In 1903, when the Russian Social-Democratic Labor Party convened to discuss plans for the destruction of tsarist monarchy in the safety of a western setting, the contentious group split into two factions that still define Russian socialism in 1915. Rather than quarrel over ideological bulletins, the Mensheviks want to work with Russian liberals and avoid mass violence; the Bolsheviks are revolutionaries who prefer a smaller party that marches in lockstep. Leon Trotsky, a Menshevik who will eventually die opposing Stalinism, reportedly told Vladimir Lenin during the conference “That’s dictatorship you’re advocating,” to which the future Bolshevik dictator replied: “There is no other way.”
Reflecting a sinister trend, in the twelve years since Lenin split with the Mensheviks in a bitter power struggle for the party newspaper, the Tsar’s Okhrana (secret police) have systematically entrapped, infiltrated, imprisoned or deported all the radicals they could, sending most of them into the Arctic and the eastern expanses of Asia beyond the Ural Mountains as internal exiles. Indeed, today Lenin lives in Switzerland as an exile, occasionally holding court with those in the international socialist movement who oppose the Great War. But the Bolsheviks only seem disconnected from power in Russia, for today they make an impressive demonstration of strength in the heart of Petrograd.
Created this May, the War Industries Committees are an attempt to enlist factory labor organizers into the war effort. Chaired by Alexander Guchkov, the liberal Octobrist leader in the Duma, the initiative has brought together the leading men of Russian industry and capital in an effort to grapple with production shortages that plague the Russian Army. But a worker delegates meeting held today in Petrograd goes disastrously wrong when Bolshevik attendees move for boycott and revolution instead of greater shell production, winning the resulting vote over the Mensheviks 95-81. In his Several Theses published next month, the effect of Lenin’s own policy is revealed.
We are opposed to participation in the war industries committees, which help prosecute the imperialist and reactionary war. We are in favor of utilizing the election campaign; for instance, we are for participation in the first stage of the elections for the sole purpose of agitation and organisation.
While Guchkov and his fellow liberal reformers will hold a second election — this time without Bolshevik participation — in October, any momentum for greater democratic participation has been successfully stymied. Meanwhile, the Tsar has prorogued the Duma, further limiting Guchkov’s power to affect production problems even as the autocrat’s departure for the front has left a power vacuum in the royal court that is being filled by the mad monk Rasputin. During 1916, ham-handed edicts will prioritize chemical and metal industries for coal, imported machine tools, and wages, vastly favoring these sectors at great public expense without delivering greater production in return. In fact, worker productivity drops and the Russian economy begins to collapse under inflationary pressures, for the best-paid worker will only earn double what they made in 1914 while prices for everything have tripled in the same time.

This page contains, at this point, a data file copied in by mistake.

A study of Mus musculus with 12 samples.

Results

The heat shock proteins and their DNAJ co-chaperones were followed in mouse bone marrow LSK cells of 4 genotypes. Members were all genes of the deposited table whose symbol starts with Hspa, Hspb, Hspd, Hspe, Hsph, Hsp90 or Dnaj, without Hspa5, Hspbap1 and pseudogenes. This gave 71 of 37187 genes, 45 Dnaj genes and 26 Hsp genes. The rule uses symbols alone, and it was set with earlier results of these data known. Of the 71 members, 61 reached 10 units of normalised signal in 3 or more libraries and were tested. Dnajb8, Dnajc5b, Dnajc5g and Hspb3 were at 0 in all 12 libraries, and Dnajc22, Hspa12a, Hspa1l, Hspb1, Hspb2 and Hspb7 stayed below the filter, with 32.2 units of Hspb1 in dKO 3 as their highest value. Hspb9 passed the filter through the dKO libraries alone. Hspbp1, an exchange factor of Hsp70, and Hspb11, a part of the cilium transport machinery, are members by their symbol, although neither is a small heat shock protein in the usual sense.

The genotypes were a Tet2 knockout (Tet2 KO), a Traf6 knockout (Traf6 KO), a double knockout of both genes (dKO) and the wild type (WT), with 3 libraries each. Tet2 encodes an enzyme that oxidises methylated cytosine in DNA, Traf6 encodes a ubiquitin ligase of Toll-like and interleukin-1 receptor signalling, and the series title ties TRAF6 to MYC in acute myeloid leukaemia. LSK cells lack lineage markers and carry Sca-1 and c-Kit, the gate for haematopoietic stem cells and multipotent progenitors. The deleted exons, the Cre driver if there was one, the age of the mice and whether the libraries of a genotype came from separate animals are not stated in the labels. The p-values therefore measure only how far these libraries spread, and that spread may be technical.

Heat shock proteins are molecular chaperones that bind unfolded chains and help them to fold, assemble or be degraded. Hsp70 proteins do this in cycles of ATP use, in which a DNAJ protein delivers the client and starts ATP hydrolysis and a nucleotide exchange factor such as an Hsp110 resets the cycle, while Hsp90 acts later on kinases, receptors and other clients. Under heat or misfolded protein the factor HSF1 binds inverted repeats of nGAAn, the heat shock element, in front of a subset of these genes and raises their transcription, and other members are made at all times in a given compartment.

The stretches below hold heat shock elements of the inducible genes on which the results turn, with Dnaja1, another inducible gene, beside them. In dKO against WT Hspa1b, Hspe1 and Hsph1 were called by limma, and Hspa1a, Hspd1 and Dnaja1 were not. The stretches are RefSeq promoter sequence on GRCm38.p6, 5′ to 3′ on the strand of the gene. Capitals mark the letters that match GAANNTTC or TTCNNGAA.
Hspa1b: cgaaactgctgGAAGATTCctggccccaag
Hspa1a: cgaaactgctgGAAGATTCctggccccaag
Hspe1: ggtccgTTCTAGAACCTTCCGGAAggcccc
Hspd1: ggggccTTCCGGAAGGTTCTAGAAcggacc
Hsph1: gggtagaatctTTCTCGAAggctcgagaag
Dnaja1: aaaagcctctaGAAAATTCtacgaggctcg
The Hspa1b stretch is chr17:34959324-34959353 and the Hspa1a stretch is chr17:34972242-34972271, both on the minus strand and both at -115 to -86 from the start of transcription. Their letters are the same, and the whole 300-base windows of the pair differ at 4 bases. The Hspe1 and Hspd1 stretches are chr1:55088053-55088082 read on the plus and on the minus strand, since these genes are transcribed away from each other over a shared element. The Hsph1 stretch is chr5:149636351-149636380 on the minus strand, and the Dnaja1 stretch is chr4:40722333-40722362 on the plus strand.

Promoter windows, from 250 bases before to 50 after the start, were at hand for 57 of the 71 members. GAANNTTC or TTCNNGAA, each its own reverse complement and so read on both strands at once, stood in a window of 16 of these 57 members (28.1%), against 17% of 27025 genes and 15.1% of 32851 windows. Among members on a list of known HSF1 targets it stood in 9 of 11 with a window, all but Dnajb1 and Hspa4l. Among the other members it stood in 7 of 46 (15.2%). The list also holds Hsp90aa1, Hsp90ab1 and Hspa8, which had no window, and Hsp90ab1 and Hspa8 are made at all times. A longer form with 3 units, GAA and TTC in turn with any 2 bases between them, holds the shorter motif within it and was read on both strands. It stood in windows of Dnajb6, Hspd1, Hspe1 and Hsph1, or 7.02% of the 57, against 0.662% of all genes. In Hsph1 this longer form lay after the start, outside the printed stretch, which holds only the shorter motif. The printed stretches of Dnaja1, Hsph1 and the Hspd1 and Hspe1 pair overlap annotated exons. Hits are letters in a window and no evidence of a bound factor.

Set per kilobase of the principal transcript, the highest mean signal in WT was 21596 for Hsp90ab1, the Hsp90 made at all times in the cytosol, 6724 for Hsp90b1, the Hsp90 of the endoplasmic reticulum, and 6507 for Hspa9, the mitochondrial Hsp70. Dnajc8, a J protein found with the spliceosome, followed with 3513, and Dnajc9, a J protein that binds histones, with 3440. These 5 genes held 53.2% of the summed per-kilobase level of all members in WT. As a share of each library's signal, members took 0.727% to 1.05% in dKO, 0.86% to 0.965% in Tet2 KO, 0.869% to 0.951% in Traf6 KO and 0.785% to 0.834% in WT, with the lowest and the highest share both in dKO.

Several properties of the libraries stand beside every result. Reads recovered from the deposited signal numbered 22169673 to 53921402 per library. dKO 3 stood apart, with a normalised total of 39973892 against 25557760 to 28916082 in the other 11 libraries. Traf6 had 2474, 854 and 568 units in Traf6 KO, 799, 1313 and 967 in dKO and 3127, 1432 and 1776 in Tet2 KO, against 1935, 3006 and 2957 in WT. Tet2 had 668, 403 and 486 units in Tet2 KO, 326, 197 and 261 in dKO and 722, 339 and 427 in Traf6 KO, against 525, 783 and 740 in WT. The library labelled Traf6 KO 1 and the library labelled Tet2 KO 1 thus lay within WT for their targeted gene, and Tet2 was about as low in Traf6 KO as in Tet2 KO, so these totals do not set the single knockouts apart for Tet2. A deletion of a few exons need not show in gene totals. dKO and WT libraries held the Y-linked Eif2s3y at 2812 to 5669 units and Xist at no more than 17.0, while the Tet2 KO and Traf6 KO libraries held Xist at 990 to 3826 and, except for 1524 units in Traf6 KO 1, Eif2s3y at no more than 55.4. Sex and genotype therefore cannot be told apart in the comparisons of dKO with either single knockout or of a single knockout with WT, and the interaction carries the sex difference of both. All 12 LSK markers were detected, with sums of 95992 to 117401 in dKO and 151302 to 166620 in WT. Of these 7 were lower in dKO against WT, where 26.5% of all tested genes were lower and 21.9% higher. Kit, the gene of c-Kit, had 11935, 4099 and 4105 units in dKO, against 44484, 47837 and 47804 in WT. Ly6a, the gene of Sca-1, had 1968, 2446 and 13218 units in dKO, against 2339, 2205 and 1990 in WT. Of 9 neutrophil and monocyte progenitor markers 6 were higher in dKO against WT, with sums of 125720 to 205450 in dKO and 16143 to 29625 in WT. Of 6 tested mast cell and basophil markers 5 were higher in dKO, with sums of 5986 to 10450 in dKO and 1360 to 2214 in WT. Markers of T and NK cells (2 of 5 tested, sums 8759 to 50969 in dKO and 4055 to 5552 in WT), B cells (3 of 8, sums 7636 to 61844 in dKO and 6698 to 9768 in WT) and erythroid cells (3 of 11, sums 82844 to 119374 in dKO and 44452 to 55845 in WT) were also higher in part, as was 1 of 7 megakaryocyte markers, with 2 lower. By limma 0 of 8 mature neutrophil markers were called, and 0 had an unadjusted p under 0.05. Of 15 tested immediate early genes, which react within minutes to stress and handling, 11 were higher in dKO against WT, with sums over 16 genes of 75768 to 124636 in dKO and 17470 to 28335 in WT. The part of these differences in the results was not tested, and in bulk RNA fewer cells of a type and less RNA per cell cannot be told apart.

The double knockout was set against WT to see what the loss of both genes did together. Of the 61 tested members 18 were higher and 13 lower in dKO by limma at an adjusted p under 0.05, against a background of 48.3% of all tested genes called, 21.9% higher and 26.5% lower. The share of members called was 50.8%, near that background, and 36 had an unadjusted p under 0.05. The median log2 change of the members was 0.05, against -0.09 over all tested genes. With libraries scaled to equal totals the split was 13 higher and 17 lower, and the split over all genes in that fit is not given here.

In short, Russia is quickly becoming a good place for revolutionaries.
Moreover, the connections which will eventually bring the Germans to send Lenin into Russia on a sealed train one day have already been made. Arthur Zimmermann, an Undersecretary of State at the Foreign Office in Wilhelmstrasse, Berlin, has promoted the idea of bringing Russia to a separate peace — and thus breaking their alliance with Britain and France — by means of fomenting internal revolution. In May, he met with an old friend and competitor of Lenin, Alexander Lvovich Parvus, who made the Swiss-bound exile the linchpin of his proposed plan for insurrection and then met with him in Bern shortly thereafter.
Lenin also has the endorsement of Estonian Bolshevik Alexander Kesküla, another Foreign Office recruit, who strongly recommends this month that Berlin shift their support away from the Mensheviks to the Bolsheviks — and then, like Parvus, discretely launders money to Lenin’s movement, in his case by way of party subscriptions in false names. Both Kesküla and Parvus provide Lenin with the means to smuggle his communications into Russia.
Despite a period of shattered credibility when Parvus’s expensive plans for labor strikes in Petrograd have little impact during January, and disagreements over how much German money he actually shared with Lenin, and even arm’s-length public treatment by the would-be dictator of the proletariat, Parvus is key to the conspiracy. He will be closely involved in the discussions which lead to Lenin’s homecoming, and makes Lenin’s trusted confidante Jacob Fürstenberg president of the company he uses to trade and communicate with Russia through neutral Sweden, providing commercial cover to his espionage activities.
With all the pieces in place, Lenin is only biding his time until the conditions for revolution are ripe.